While it's not a cure for cancer, yoga enhances physical and emotional wellness—and brings a peace many patients had thought they'd lost forever.

By Sandy Boucher

Yoga postures require us to hold still and to be aware of our bodies. Asana, pranayama, and meditation begin to break down that distance from ourselves and bring us into close contact with our sensations and feelings. Knowing how our bodies really feel, we can notice when we are stressed and can make decisions about our activities and our attitudes that can change our relationship to our cancer healing. That is, yoga can help us open up to different ways of integrating our experience. For example, when faced with a challenging medical procedure, rather than tensing ourselves against it or going away mentally, because of our yoga practice we may be able to relax and welcome the procedure, thus minimizing its stressful effects.

Eileen Hadidian, a professional musician and music professor, responded to her own difficult medical experiences by urging oncologists at local hospitals to enlist the aid of nutritionists in helping patients mitigate the effects of cancer treatments. A slender woman, bald from chemo, Eileen looks at me with large, alert eyes. As we talk in the comfortable living room at the Ting-Sha retreat, she smiles often. She leans back gratefully into the couch cushions. Her cancer now infiltrates her spine, and she has told me that her back hurts most of the time. But yoga, which she studies in classes at a community center near her home, helps her tolerate this pain.

"I went back to doing yoga a month after surgery—lumpectomy and lymph node dissection," she says. "I was sore, but within a half hour of going back to my yoga class, my arm went from being able to go this far"—she holds her arm just a few inches away from her body—"to going up [higher]. And so I said, 'Bingo!' The class caters to all levels. What I did was I just tailored it to what I could do, and then week after week I was able to do more and more."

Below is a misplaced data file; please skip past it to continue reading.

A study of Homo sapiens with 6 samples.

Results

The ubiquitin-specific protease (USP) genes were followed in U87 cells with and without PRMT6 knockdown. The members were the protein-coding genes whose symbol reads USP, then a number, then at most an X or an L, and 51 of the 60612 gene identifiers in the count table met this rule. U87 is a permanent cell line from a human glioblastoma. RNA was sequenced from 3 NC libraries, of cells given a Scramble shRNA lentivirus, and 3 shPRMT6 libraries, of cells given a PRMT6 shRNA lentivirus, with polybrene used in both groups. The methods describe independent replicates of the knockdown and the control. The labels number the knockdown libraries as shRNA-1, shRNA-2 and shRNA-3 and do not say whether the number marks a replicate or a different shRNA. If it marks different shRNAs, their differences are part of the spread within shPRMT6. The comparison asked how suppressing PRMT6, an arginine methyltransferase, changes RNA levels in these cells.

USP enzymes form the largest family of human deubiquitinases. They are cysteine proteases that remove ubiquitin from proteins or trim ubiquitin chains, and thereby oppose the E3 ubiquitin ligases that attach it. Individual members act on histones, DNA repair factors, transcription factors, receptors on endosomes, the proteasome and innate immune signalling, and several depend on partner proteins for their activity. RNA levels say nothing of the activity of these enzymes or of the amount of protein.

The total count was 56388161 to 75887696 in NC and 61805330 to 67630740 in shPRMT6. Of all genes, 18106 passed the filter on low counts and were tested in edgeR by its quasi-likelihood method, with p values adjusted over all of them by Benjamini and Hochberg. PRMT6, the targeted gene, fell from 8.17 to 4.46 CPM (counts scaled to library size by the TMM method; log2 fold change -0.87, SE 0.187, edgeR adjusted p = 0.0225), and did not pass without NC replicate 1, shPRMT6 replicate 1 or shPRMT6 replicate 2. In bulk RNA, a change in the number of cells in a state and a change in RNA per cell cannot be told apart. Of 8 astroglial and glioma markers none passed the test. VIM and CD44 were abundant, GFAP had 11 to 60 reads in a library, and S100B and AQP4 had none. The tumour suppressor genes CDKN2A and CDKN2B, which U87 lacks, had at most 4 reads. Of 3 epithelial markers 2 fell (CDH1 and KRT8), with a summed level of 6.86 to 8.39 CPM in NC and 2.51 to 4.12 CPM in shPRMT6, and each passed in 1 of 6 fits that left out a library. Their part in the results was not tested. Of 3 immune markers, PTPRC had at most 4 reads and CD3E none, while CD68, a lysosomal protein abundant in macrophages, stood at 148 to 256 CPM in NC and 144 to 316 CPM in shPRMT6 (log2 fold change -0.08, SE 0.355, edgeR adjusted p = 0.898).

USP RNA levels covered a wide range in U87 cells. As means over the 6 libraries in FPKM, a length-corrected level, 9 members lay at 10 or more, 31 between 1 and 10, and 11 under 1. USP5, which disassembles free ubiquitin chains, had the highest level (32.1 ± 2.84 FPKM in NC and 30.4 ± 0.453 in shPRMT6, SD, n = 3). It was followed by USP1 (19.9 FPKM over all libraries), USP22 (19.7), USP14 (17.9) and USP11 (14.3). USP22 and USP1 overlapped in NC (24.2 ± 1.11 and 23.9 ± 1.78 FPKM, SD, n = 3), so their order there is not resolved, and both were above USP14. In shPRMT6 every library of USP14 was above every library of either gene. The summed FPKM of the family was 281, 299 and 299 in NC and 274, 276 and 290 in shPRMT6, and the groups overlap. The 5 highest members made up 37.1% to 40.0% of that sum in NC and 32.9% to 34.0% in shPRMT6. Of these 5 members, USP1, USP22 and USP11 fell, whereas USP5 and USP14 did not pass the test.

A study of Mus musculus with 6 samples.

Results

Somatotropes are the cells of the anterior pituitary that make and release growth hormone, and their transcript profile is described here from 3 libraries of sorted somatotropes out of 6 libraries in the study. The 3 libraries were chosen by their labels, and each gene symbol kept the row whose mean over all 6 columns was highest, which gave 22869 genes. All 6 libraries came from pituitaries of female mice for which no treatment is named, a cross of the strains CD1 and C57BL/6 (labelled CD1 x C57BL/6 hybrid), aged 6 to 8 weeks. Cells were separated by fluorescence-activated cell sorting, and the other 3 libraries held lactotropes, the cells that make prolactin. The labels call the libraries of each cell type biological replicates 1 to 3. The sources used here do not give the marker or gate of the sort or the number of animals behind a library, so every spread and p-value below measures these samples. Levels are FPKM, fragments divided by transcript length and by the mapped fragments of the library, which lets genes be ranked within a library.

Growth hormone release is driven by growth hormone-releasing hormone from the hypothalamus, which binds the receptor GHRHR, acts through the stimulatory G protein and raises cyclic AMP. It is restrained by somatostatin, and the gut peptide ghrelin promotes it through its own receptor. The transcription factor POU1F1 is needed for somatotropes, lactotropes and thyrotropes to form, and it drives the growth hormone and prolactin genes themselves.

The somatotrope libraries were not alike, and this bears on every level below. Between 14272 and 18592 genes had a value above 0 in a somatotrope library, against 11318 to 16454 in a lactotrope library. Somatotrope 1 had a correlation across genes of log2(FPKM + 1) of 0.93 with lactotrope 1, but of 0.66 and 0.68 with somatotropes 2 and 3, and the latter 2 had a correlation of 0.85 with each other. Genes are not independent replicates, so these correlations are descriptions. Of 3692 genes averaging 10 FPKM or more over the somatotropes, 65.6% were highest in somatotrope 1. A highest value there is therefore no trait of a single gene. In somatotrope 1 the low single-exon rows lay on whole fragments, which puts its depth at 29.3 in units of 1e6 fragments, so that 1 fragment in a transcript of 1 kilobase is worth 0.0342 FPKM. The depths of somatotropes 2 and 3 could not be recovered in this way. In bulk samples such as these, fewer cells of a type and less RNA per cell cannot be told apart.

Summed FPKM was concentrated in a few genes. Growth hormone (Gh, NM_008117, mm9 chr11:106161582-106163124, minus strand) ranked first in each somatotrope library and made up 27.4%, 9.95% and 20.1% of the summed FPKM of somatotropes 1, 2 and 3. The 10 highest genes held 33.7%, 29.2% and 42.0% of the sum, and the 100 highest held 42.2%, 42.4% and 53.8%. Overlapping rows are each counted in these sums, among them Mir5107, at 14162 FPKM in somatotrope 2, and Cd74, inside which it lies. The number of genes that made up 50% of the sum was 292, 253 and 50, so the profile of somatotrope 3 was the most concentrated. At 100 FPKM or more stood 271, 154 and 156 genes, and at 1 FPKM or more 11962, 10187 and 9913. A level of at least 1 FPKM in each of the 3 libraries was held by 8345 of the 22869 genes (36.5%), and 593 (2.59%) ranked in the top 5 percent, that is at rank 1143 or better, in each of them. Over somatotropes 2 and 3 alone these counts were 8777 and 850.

"The instructor was aware of your condition?" I ask. "She was trusting you not to push yourself beyond where you needed to go?"

"Exactly. She was very good about saying to me, 'Just do what you can. Follow your body, follow your intuition.' So that's what I did. And it felt great. I breezed through radiation, had minimal side effects. The fatigue that comes with radiation set in just during the last week. So my recovery was relatively easy. And I attribute a lot of that to the yoga. Along with meditation, visualization, acupuncture, and herbs."

Three years after the radiation treatments, when she began to experience severe back pain and discovered her cancer had metastasized to her spine, Eileen had to stop going to the yoga class. But then a chance experience allowed her to adapt her yoga practice to suit her changed condition.

"I had a one-time yoga session with a woman, the mother of one of my young music students, who is training to be a yoga teacher. We had a very gentle session where she gave me about four different postures that I could do. This was back when I had a lot more pain. She propped me up with pillows so when I did Child's Pose it was not the regular Child's Pose but one that was supported. I've been doing those postures ever since.


Leah

It seems that the article is abbreviated, the last sentence cut off...

brender anne

i am afun of yoga and also have ablog on yoga your journal is areal encouragement and also a hope to those that had already lost hope, keep it up

Madeleine

This article was wonderful and thank you so much for sharing your journey. You mention of diet at the end of the article reminded me of a screening I recently attended for a move called 'Forks Over Knives'. Anyone who is interested in ways of healing and preventing certain diseases should check it out. I believe that with yoga and the right diet we can heal and prevent so many diseases that afflict our society today.